German native Andrea Krause founded FYSE in Beijing in 2008 after working in youth development across the East for several years. “The regional focus is simply because I lived in many countries in Asia, and our research in 2008 has shown that the problem regarding youth entrepreneurship is prevalent all over Asia,” says Krause. “Young people everywhere have a really hard time finding jobs and many don’t consider entrepreneurship as an option for them.” Even those who do, have few resources to actually launch a successful enterprise.
“So you have this large group of people who have an idea but they don’t dare to do it because they don’t know anyone young who has done it and because they perceive it to be not feasible due to a lack of resources,” explains Krause.
The Fellowship, which finished its first cycle in October 2010, is a yearlong program that helps young social entrepreneurs who are in the early stages of their businesses by connecting them with established entrepreneurs across Asia for mentorship, training, consulting, and access to funding. These mentors serve on a voluntary basis and make up the majority of FYSE’s 100 volunteers.
In choosing candidates for the program, FYSE looked specifically for “changemakers”—people who had already begun transforming their ideas into organizations. They found them through an extensive network of 60 partnerships including universities, incubators, foundations, youth organizations, and media outlets. FYSE selected one hundred young social entrepreneurs from ten countries including China, India, Pakistan, and the Philippines for the first Fellowship. Throughout the year, they worked with mentors who helped them through business development issues.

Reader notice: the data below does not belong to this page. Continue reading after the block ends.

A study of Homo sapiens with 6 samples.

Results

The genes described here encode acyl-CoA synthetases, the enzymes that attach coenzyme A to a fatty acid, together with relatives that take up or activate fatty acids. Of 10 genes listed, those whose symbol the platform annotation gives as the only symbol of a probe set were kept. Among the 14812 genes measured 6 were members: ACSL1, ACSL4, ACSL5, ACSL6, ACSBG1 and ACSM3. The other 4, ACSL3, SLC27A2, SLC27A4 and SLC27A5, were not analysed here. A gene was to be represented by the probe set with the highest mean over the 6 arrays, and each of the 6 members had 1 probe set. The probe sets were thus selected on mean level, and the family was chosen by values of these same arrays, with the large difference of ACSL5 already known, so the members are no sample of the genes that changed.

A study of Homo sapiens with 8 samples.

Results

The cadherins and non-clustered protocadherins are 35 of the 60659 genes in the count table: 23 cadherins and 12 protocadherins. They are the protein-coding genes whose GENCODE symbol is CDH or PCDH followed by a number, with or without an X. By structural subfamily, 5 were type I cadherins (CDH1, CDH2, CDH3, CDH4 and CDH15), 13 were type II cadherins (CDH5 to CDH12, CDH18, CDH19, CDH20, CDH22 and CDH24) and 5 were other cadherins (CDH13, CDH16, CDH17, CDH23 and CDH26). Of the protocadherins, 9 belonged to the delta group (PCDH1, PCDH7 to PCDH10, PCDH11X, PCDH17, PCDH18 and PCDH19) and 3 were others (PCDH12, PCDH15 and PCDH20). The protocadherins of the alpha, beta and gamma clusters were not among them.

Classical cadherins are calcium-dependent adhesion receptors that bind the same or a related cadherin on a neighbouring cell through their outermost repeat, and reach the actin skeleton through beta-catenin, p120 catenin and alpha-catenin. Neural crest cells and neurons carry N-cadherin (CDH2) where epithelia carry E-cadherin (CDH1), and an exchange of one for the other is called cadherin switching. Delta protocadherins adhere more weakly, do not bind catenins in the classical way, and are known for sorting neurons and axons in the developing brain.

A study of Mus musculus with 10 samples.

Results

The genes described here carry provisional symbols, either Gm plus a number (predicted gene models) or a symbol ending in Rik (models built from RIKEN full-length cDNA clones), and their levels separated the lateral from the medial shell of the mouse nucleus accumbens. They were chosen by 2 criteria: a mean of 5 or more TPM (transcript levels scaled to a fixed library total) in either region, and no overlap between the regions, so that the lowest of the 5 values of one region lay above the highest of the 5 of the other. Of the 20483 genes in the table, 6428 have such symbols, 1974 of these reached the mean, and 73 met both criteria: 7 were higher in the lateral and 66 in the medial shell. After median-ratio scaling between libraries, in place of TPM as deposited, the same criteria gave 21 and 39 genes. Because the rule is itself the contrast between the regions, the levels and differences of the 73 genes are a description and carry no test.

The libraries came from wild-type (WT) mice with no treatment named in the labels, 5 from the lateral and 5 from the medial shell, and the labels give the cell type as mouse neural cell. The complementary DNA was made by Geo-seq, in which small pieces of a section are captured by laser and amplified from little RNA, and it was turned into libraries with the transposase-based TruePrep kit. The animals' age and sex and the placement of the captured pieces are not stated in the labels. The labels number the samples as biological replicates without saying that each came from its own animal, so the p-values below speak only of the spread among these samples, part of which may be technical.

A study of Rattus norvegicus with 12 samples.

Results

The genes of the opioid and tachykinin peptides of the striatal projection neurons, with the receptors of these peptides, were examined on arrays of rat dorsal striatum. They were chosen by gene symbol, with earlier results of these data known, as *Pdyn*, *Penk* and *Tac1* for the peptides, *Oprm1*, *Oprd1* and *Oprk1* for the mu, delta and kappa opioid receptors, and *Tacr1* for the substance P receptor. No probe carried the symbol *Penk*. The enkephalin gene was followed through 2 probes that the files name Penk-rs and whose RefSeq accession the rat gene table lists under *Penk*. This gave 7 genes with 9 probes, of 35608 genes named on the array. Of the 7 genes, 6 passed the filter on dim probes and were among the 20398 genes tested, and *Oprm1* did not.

An entrepreneur in India, for example, might be connected to a young businessman in China. Krause acknowledges that the culture and context can be dramatically different across counties, yet she says they still face many of the same realities.
“Basically,” says Krause “we provide young entrepreneurs with a platform of opportunities and they select what they need. We do capacity building, through workshops such as how to do guerilla marketing. We do not invest directly into them. What we do is we support them in developing their business plan and their pitch and connect them to people who can give them funding—foundations, impact investors, etc.”
Although FYSE is still evaluating the first round of Paragon, Krause believes it was a success and applications for the second round will open in late Spring 2011.
Social entrepreneurs can also connect with more senior entrepreneurs through iCatalyist, FYSE’s online mentoring program.
For the Almost Entrepreneur
Not many young people really start a business though, acknowledges Krause. While tier one cities like Beijing and Shanghai have many people interested in social entrepreneurship (due in part to events and organizations that focus on the issue), the reality is that few people have the gumption to turn their ideas into a company. Krause says, “The opportunity cost is very high. But if you expose them to entrepreneurship and give them the knowledge, they might do it a few years down the road.”
For those who want to get involved in social entrepreneurship, FYSE created the Social Venture Academy. Held over four days in Hong Kong, the academy will bring together 200 delegates and more than 20 social entrepreneurs from the region to discuss various Asian case studies and to provide participants with the tools and knowledge to turn their own ideas into reality.
In addition to their programs, FYSE conducts research on social entrepreneurship and partners with NGOs and social enterprises to host events that build community awareness of socially relevant topics.
Above all, Krause says she and her team at FYSE aren’t looking for the next Muhammad Yunus. “If we can find 100 people who add up to what Yunus does–people who make an impact on their communities—then we want to support them on that.”